A number of new students and researchers have joined the OceanCanada partnership over the last 4 months. Over the next year we endeavour to profile this outstanding community of High Quality Personnel (HQP) and the research contributions they are making to our partnership. This month, we are profiling 4 new additions to the Atlantic working group.
Irene Brueckner-Irwin is a Masters student in the School of Environment, Resources and Sustainability at the University of Waterloo. Working under Dr. Derek Armitage, Irene is critically examining the interplay between coastal community wellbeing and marine protected areas (MPA’s) in Atlantic Canada. Specifically, Irene’s research aims to understand the relationship between MPAs and trade-offs in social-ecological wellbeing, using the Bay of Fundy as a case study. Irene will compare the linkages between these concepts in two locations: one with an existing MPA, and a location of interest for the siting of a future MPA.
Evan Andrews is a PhD student at the School of Environment, Resources and Sustainability at the University of Waterloo. Working under the supervision of Dr. Derek Armitage, Evan’s research is concerned with how values and beliefs influence perceptions of environmental change held by scientists, managers and local fishers working in marine systems in the Atlantic Ocean. Evan is building a transdisciplinary approach to better account for the human dimensions of marine systems in Canadian environmental governance. His hope is to bring diverse local actors together to develop and evaluate alternatives for a shared vision of resilient coastal fisheries.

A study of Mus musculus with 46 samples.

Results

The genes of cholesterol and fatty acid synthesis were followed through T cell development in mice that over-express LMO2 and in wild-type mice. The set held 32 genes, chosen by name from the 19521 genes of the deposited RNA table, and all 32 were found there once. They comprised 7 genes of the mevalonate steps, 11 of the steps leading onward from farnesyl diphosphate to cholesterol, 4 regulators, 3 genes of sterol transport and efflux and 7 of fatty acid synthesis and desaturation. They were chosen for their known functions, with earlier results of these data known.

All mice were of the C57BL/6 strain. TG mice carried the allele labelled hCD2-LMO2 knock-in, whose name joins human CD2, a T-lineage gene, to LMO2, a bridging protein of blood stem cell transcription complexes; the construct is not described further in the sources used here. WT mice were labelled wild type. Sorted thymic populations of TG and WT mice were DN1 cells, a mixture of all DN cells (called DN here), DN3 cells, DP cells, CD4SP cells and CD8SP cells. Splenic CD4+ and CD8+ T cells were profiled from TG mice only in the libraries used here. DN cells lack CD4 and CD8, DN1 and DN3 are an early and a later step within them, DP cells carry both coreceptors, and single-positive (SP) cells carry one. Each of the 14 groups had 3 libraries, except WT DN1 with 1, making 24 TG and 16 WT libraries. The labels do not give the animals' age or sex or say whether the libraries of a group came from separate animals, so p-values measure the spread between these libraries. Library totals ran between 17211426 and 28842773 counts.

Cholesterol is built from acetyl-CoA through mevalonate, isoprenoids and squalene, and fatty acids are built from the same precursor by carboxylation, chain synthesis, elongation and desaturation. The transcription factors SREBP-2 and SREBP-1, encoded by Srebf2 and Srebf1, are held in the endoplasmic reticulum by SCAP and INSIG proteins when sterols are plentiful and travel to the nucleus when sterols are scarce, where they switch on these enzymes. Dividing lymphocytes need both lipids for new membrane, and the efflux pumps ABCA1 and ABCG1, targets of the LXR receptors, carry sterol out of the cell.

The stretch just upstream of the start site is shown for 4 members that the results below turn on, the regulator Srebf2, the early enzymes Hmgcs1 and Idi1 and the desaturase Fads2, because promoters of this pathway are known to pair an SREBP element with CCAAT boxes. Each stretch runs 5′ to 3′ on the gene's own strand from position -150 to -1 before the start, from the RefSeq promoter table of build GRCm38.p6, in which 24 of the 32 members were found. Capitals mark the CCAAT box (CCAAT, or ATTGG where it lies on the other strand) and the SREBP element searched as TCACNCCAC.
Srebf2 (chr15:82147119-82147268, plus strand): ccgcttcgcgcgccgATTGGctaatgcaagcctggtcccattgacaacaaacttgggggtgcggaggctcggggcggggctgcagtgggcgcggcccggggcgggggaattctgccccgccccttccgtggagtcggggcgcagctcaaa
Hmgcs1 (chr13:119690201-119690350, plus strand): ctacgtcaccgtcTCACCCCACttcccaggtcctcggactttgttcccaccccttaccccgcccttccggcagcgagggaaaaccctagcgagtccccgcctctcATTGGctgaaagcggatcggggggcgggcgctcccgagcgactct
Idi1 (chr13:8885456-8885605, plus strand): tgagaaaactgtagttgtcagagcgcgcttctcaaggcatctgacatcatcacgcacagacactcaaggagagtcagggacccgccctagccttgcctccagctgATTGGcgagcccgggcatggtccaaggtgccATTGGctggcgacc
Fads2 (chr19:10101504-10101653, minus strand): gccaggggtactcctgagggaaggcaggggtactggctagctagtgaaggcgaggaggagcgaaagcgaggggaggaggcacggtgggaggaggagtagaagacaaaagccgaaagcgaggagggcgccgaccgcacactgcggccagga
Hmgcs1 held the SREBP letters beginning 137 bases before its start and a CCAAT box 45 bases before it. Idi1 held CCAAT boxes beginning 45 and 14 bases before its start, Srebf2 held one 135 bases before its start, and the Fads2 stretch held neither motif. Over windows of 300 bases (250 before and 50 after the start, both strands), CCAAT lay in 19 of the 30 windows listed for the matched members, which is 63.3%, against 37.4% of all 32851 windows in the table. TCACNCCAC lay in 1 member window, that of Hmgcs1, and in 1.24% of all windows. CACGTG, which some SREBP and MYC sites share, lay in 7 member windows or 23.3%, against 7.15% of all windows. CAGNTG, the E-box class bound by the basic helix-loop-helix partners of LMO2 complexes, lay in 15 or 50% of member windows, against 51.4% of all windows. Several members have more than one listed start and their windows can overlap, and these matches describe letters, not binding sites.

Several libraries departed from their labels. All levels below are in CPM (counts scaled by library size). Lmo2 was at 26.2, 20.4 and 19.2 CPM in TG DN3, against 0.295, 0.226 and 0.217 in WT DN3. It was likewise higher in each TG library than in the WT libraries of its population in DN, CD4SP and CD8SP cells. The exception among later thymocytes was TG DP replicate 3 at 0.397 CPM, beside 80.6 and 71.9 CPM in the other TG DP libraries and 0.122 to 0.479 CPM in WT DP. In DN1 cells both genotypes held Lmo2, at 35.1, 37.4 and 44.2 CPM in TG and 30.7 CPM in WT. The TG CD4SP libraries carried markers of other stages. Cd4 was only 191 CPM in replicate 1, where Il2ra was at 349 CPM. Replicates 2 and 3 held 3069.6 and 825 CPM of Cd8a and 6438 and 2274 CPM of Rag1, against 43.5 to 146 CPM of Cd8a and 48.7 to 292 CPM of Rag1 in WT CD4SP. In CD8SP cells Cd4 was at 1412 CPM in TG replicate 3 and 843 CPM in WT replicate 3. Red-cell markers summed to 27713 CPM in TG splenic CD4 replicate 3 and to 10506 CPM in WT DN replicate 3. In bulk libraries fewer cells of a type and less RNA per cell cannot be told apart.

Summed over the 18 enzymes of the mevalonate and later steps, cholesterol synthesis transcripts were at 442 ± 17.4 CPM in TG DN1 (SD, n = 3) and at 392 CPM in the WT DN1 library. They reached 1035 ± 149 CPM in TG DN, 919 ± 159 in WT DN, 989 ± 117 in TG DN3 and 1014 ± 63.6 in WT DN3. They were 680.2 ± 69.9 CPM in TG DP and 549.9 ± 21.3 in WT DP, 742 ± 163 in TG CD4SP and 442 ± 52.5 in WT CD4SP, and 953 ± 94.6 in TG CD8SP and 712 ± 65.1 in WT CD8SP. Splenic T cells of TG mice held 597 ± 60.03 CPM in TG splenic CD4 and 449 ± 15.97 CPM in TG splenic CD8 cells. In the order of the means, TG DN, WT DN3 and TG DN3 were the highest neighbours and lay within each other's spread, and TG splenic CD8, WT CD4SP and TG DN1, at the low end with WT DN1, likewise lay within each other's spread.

Nicole is a Masters student at the School of Environment, Resources and Sustainability at the University of Waterloo. Her research links environmental monitoring programs to governance through policy risk assessment for estuaries within the Northumberland Strait. The ISO 31010 Bowtie Analysis will be used to complete a risk assessment to evaluate controls for eutrophication caused by cumulative pressures from land-based activities. The European Marine Strategic Framework Directive will also be used to assess effectiveness of Canadian management controls. We seek to demonstrate how this methodology can be implemented to connect monitoring programs with decision making as a communication tool.
Graham Epstein is a postdoctoral researcher with the Environmental Change and Governance Group. He completed his PhD at Indiana University in the fall of 2015 and broadly explores a wide range of research questions at the intersection of people, the environment and policy. He is currently working to develop research on the attitudes, perceptions and interests of Shrimp fishers in Newfoundland for the OceanCanada project.